China’s Electric Bikes

An electric bicycle is either a traditional pedal bicycle assisted by an electric motor or a bicycle powered exclusively by a rechargeable battery. Kunming’s major streets have lanes dedicated to bicycles. Most bikes travelling along the city’s bike lanes are electric bikes – ebikes. Only the oldest electric bikes look like traditional bicycles. Newer models look like gasoline-powered motor scooters.

Every day my Chinese language teacher, Lulu Ma, commutes to work on her ebike.

Kunming is an ideal place for an ebike. Commutes are short enough for the ebikes’ limited range, the climate is fine year round, the terrain is flat and electric power is plentiful. Furthermore, ebikes currently come under the same classification as bicycles and don’t require a driver’s license to operate.

Because ebikes are soundless, the city is a much quieter place than cities in Nepal, Vietnam, Thailand and India where gasoline-powered motorcycles rule the road. The downside is that Kunming allows ebikes on sidewalks, so one can be on top of an unsuspecting pedestrian with no warning.

Ebikes are zero-emission vehicles, emitting no combustion byproducts. But there are environmental effects of electricity generation and power distribution and of manufacturing and disposing of limited-life high storage density batteries. Even accounting for these issues, ebikes have significantly lower environmental impact than conventional automobiles and are generally considered environmentally preferable. The ebike’s small battery pack makes it a good candidate for solar charging.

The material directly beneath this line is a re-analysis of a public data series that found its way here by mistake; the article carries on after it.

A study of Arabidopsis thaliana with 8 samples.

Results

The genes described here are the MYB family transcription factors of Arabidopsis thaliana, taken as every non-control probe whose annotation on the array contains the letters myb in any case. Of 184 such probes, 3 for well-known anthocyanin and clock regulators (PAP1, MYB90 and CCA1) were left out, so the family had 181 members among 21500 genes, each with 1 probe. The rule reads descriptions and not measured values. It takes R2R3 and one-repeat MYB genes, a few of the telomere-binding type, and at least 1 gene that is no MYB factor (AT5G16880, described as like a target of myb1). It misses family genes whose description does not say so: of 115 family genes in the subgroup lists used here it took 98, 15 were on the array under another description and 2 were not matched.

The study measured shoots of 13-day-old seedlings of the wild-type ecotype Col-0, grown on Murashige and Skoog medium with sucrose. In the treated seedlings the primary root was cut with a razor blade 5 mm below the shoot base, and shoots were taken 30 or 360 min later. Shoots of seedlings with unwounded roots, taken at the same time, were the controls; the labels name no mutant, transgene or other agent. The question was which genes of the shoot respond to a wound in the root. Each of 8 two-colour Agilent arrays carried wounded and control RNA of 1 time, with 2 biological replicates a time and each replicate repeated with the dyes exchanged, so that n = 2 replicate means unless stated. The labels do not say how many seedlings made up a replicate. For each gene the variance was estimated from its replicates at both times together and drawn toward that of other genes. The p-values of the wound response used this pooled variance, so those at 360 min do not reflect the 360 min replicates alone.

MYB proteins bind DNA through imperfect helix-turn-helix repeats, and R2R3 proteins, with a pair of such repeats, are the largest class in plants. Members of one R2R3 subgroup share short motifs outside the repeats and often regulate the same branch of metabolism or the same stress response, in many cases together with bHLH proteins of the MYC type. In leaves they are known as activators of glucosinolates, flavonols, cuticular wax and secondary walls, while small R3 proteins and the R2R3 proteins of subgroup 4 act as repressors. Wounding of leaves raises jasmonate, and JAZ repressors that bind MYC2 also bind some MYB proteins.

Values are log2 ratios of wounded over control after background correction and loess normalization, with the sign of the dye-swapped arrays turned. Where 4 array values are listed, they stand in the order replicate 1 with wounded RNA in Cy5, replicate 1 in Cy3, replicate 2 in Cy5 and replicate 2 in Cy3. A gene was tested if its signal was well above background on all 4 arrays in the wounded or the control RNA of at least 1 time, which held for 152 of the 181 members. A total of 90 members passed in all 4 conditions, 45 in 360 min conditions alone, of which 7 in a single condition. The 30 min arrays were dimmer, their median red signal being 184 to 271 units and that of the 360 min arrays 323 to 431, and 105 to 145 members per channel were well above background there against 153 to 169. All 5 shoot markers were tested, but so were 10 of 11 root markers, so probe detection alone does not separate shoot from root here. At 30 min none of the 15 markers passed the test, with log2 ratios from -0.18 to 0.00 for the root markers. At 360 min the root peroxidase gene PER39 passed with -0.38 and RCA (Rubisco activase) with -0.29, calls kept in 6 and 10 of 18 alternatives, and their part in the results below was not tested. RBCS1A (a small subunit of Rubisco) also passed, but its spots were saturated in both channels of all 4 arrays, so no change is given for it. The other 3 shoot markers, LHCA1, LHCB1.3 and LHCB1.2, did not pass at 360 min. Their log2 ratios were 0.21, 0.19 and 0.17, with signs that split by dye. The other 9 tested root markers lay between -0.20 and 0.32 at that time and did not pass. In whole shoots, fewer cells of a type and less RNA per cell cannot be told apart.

China has the world’s largest number of ebikes – as of early 2010 roughly 120 million on the road. According to Wikipedia, electric bicycle usage worldwide has grown rapidly since 1998. The Electric Bikes Worldwide Reports – 2010 Update estimates that 1 million ebikes will be sold in Europe in 2010. The same report estimates that sales in the USA will reach roughly 300,000 in 2010, doubling the number sold in 2009.

In spite of the  ebike’s popularity as an efficient and economical way to negotiate China’s increasingly choked streets, automobile ownership and usage is rapidly increasing. The China Daily estimates that 17 million new cars will be sold in 2010, a 25% increase over 2009. Last year China replaced the US as the world’s No 1 automobile market.